Version: 2014; directed by Angelina Jolie
Genre: WWII drama; biography
Plot Summary: [from IMDb:] “After a near-fatal plane crash in WWII, Olympian Louis Zamperini spends a harrowing 47 days in a raft with two fellow crewmen before he’s caught by the Japanese navy and sent to a prisoner-of-war camp.”
My Review: Ever since I saw the original CBS documentary about WWII vet Louis Zamperini as a kid, I wished his story could be made into a movie. I was greatly interested when his story was written by author Laura Hillenbrand as the bestselling non-fiction book, “Unbroken” a few years ago. When I heard that the story would be filmed for the big screen, I was ecstatic but nervous. Would Angelina Jolie be able to do his story the justice it deserved? [See my book review here and interview with author on Janet Parshall’s In the Market here.]
“Unbroken” came out in theaters Christmas Day and my family and I went to see it last night. By this point I didn’t bother going with my fingers crossed because I’d heard so many good things about the relationship between Jolie and Zamperini:
As I had been reading the book, I wondered how it would be possible to translate this to film. There were so many important events in Zamperini’s life: his rebellious childhood, athletic career, military life, survival on a lifeboat, POW camps, post war life with his family… How could this be fit into a regular two hour movie? I worried.
I will try not to give away too many spoilers. But I was astounded at the handling of this true-life story. I have to say that I have never seen a movie that was so true to the book as this one. I’m sure many Unbroken fans will be pleased about this! Of course, much of the story had to be condensed to fit a limited timeframe, but many small details were left intact that could have been left out otherwise. From Louis’ class ring to the real picture of Phil’s sweetheart Cecy, these accuracies felt realistic. I felt I could appreciate my viewing experience all the more by having read the book first, but this isn’t absolutely necessary for all.
This was no shabby B-movie. Casting was great and the acting fantastic! Even though the actors may not have all looked like the photographs of the people they were playing, I think good choices were made all the way around. I worried about who they would pick to play Watanabe, but Japanese actor Takamasa Ishihara played this evil character well.
Probably one of the main things I was impressed with was the careful handling of the story’s pacing. As I said before, I had been worried but I need not have been. Louis’ prewar life is told in balanced flashbacks. The 47 days spent on the liferaft drags on, but I thought this was great from a storytelling point of view. It created an atmosphere for the viewer to get the feeling of languishing with the survivors of the plane crash. I do wish there had been more shark-fights as there had been in real life, but I suppose one can’t have everything!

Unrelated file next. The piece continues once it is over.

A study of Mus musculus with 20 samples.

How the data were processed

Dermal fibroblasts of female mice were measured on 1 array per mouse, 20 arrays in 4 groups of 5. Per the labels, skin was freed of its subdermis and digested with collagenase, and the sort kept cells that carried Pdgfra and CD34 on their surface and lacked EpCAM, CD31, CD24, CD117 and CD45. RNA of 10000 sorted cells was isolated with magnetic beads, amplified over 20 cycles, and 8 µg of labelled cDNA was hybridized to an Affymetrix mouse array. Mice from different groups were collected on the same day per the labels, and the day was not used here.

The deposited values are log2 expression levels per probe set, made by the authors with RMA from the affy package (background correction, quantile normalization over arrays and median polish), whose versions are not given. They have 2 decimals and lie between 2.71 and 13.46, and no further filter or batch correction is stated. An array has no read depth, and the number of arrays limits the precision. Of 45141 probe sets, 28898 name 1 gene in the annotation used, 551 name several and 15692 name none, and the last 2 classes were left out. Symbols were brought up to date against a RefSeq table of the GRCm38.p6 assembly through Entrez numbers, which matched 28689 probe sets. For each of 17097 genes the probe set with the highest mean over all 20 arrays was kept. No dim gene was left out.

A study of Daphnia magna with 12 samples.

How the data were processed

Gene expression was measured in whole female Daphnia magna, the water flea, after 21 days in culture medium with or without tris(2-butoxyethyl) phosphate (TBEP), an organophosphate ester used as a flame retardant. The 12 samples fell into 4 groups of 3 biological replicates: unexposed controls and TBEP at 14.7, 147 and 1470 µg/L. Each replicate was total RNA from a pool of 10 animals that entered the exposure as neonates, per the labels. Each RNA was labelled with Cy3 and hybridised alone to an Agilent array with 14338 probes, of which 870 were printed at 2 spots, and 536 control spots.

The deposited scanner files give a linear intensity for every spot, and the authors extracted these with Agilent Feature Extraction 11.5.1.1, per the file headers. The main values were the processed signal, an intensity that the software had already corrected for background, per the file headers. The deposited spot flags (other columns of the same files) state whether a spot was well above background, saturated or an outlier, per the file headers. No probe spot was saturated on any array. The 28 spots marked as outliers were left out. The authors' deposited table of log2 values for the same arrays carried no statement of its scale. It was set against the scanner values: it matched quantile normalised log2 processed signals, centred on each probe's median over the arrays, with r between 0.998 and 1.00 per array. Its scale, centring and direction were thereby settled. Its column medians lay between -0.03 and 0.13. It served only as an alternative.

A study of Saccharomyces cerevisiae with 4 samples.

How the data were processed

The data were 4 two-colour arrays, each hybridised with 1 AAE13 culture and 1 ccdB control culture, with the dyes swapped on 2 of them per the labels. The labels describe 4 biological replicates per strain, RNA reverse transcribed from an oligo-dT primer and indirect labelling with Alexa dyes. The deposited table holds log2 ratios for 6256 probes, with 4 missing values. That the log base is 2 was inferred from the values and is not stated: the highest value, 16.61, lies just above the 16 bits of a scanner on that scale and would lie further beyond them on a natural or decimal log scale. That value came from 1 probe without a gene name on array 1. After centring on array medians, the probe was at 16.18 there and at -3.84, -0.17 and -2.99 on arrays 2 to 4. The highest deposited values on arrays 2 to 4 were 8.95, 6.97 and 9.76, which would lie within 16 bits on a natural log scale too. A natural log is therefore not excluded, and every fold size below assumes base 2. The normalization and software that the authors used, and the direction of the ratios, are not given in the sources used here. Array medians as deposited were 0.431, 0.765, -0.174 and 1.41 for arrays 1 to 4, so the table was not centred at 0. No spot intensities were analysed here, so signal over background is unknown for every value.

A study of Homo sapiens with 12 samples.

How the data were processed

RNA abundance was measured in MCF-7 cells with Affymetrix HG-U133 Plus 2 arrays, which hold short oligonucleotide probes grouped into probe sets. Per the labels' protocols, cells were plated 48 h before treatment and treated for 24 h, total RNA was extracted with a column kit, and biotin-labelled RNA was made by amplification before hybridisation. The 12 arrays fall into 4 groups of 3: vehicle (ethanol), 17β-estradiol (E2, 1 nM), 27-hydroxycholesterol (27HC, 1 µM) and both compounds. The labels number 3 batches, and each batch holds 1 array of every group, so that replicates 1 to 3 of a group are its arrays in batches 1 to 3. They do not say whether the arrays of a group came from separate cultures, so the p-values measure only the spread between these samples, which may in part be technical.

I also felt the film did a great job at making you feel the pain and misery of the POWs at the Japanese camps. I’m sure it was even worse in real life and that the movie “cleaned it up,” but still the viewer gets a taste of it…
This obviously isn’t a movie for the very young. There are some very subtle sexual innuendos and a little foul language. Nothing to make me cringe terribly, and it probably wouldn’t have been in keeping with reality if there hadn’t been some of these elements. There is no sleeping around. There is backside nudity that isn’t in a sexual context, but rather in a POW context. Men are violently beaten nearly to death, but I didn’t feel it crossed the line into Rated R territory. If you’re wondering if Gaga the Duck makes an appearance, the answer is no. Thankfully we are spared that!
One of the things I worried about going into the movie was how Louis’ conversion after the war would be portrayed. At first I was a little disappointed to find that his postwar life is entirely told in footnotes at the end. However, I did not get the feeling that it was glossed over with the intent of making light of it or excluded for the sake of covering up Louis’ spiritual beliefs. In the movie, we see Louis promising to devote his life to God in the middle of a storm, and he shows interest in his friend’s belief in God, along with other allusions to faith throughout. After thinking about it, I realized that there really could be no way to film his life with Cynthia and his meeting with Billy Graham without making the pace of the story feel unbalanced. The quality of the telling of A) his lifeboat survival (w/ prewar flashbacks) and B) POW camp life would have had to have been sacrificed in order to make time for about 30 min. of his postwar life. So, I accept their decision in this. I did not feel they dishonored Louis or God with the footnotes at the end.
There is one bugaboo I will mention and that is that I was dissatisfied with the way in which they expressed Phil’s faith. Louis asks Phil if he thinks God has a plan for them in all their suffering. I can’t remember the exact quote, but Phil says something to the effect that “the only thing they can do is to live the best way they can, have a little fun along the way, and when it comes time to die an angel will say they can ask all their dumb questions now.” This didn’t feel like something Phil would have said. From the book I gathered he had a personal relationship with God that was more than a “pull yourself up by your own bootstraps” sort of faith. There: my complaining is over!
I hope many will go out to see and support this fine movie in the theaters. It really is worth your time! And give a round of applause at the end as the credits start to roll for Louis Zamperini (who passed away this past July).